If you have found out or are concerned that your teenager is suicidal, you need to act now.
Take immediate action now
- Find out if your child has a plan and/or the means to end their life. If necessary, you may need to remove items from the home.
- If they do have a plan and the danger is imminent, do not leave them alone until you are sure that they are safe. Read Talk to your teenager about suicide for some ideas on initiating a conversation with them.
- Taking them to the emergency department at the hospital can help you keep them safe.
- If they disappear call the police on 000.
What to do next
When the immediate danger has passed or they have not indicated specific plans to end their life, it is essential that you and your child seek help. Telephone support services such as Lifeline, Kids Helpline or Suicide Callback Service can offer support for your teenager 24/7.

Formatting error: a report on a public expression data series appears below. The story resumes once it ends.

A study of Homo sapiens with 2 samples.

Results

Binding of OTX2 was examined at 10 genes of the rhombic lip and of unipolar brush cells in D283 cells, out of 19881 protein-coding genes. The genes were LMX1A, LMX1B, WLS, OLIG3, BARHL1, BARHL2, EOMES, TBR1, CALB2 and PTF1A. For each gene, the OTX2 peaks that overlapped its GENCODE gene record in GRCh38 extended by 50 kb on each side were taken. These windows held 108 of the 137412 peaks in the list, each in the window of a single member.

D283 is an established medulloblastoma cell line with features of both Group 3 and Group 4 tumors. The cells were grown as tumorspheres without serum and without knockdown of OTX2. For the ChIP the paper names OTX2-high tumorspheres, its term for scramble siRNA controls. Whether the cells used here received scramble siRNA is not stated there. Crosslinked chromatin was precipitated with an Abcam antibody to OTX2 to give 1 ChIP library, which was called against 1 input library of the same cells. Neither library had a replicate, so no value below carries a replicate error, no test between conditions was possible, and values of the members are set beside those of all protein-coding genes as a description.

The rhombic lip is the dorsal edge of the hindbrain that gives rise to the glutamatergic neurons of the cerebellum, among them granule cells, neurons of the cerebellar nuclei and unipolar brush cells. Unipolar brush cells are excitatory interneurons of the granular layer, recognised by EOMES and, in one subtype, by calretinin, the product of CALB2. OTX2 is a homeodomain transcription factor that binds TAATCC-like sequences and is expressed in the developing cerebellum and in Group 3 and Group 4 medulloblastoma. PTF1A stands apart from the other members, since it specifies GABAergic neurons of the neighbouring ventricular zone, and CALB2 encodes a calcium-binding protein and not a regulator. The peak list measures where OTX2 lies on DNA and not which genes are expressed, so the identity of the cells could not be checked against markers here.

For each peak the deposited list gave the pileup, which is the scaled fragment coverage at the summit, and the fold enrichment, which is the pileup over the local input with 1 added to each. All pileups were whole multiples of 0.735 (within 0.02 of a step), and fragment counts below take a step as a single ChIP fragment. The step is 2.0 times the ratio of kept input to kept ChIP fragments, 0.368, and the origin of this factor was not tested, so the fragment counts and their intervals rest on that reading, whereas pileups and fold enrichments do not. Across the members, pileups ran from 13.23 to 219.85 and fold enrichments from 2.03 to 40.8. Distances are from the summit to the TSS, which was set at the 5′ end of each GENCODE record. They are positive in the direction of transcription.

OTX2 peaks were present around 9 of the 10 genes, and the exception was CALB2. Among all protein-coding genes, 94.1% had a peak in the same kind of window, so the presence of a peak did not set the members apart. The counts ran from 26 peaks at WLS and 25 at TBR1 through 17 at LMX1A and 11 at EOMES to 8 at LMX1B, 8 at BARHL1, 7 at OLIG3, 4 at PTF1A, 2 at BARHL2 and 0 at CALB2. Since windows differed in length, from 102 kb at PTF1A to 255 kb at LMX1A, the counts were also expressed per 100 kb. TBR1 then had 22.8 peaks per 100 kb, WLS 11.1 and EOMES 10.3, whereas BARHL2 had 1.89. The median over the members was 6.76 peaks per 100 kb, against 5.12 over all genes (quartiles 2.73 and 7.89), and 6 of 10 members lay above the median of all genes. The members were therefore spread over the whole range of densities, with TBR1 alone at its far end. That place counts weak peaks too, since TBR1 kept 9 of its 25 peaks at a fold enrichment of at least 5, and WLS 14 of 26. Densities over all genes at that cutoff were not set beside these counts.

You might also consider making an appointment with a GP or Headspace centre to discuss what your teenager has been experiencing and together develop a mental health plan. With a mental health plan, Medicare allows for sessions with a psychologist, which can help your teenager work through the underlying distress or causes of suicidal thoughts. You can now also access 7 out of the possible 10 Medicare rebated sessions with a psychologist via video conferencing if you're from an eligible regional, rural or remote area. For more info on this click here. The GP will also suggest other interventions such as medication if it is necessary. You and your child need to make some big decisions together for them to work towards being well again.
For other ways you can support your child, check out the section, Things to try: suicide prevention.